I started my project with a beautiful extant bag, a little research, and a lot of talking to people who'd done recreations. I'll list some sources for good information on these delightful bags at the bottom, other people have done the research far better and more organizedly than I have!
These little bags feature as a group: a foreground worked in split stitch, with a limited color palette, that is, only two shades in each field with which to work the shading. Details are frequently worked in some sort of running or back stitch, and outlines worked in stem stitch. The backgrounds are worked in couching or laid work with metallic threads. The drawstring area typically is couched, and then has eyelets worked over the couching. The bags could be decorated with beads along the edges, bobbles, bells, or tassels. Most commonly these bags depict "scenes of courtly love" or romantic stories. Tristian and Isolde for instance, or patient Griselda.
For Ladybugs bag, I chose to not use a scene of love, but to draw inspiration from the styles of the
With everything prepared I began to work. Using two colors of DMC cotton floss for each field (yes, cotton. Ladybug is 7. I'm not using silk.), I first outlined with stem stitch, then filled with split, I found that it was helpful to use a colored pencill to lightly work the shading before I started embroidering an area, that gave me an easily followed guide, but I didn't risk smudging the work by shading it all at once. it was a time consuming process. The stitches are very VERY small, and the back of the work gets quite built up as you go. Each leaf on the tree took more than an hour to work.
When I first started I had some trouble getting the threads started without making an even bigger lump. I found that if I made a couple stitches on the surface, it would temporarily secure the end. after I'd worked a row over it, I could come back and cut it off. When I finished a thread,I just ran it through a little of the backside of the work, then clipped it off short. I discovered in short order that it was really important to have no loose threads on the back of the work, because they cause knots, and knots make the work really difficult. There's enough bulk in the back of the stitch as is without any knots. if I had a little end hanging out for some reason (maybe the thread knotted and I didn't notice, etc) I found I could hold it out of the way with a straight pin until I 'd worked over it, then cut it short.
The face was really difficult to do well. I'm still not 100% happy with the outcome. I had some trouble with the shading in such a small area. it did turn out acceptable,but I think that it would have been better had I used a slightly higher contrast in my flesh tone threads. I used a tight backstitch to make the small details, and to differentiate between fingers, and help the hand stand out from the flesh of the neck. I think if I'd picked a better contrast in the flesh tones I may not have had to do so much of this. This technique does appear in period examples though, so I don't feel too badly about it.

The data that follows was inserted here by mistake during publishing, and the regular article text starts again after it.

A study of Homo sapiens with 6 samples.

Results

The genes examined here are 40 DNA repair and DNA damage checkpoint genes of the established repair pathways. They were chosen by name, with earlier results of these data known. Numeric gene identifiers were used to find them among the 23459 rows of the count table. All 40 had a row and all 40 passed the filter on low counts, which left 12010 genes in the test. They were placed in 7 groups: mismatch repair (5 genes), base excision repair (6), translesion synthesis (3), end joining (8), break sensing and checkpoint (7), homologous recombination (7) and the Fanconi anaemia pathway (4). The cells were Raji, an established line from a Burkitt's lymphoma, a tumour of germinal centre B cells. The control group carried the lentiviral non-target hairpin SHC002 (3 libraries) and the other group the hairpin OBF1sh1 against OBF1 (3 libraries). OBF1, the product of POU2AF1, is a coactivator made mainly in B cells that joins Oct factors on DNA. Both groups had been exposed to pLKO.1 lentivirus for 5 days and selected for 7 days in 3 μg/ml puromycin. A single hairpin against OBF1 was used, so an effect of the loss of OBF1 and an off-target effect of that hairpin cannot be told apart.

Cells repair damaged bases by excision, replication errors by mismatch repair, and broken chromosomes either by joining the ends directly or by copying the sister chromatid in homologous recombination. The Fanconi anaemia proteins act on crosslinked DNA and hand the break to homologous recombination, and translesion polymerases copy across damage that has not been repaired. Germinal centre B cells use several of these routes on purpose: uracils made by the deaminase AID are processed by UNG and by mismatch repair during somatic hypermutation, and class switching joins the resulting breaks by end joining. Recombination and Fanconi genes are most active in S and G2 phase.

With the face done it was on to the underside couched background. I used Krenik #5 braid for this project. It was a stab in the dark picking thread, because I have no frame of reference for it. Doing the couching was easy enough, although getting the turns nice was very fiddly. But the thread I chose wasn't ideal. Even though I spaced the thread very closely, the springyness of it, along with the relatively small size, meant that I just didn't get good coverage. it's ok. but it's not great. it would work fine for standard front side couching. but it wasn't a good choice for this application. I'm keeping some of it on a card for reference. As I continue to use gold threads I will keep building a little library of these cards, and hopefully in future have a small library to help me make better thread choices.
I worked over the top of the gold with standard couching in purple, then worked eyelets over that to make the drawstring area. Then I applied a silk backing and made it into a pouch, which was somewhat fiddly. it was hard to decide the best way to do it. Original pouches were embroidered on both sides, and then put together with a narrow woven band at the sides, but I decided to embroider only one side of Ladybugs pouch, because the back side would just get destroyed rubbing against her dress. I ended up wrapping the back of the pouch around the front, and hand stitching it down right along the edge of the embroidery. Fiddly but it didn't risk getting the embroidery caught in the bag proper.
|I don't know why it won't let me put these pictures right side up.|
You can see the failure in coverage for the goldwork here though.
It was really hard to get photos of this project, the gold was so sparkly it seemed to throw the focus off on my camera.
I did enter this in our local Arts and Sciences competition at a recent event, Wars of the Roses. I didn't win the championship, but I did win the populace vote. I was too busy to get good pictures myself, but the lovely Catherine de la Broderesse took these.
Over all this was a great experience. I'm not 100% happy with the outcome, and I'm sad I didn't win the championship, but Ladybug is over the moon about it, and I learned a lot, so I'm going to call it a win.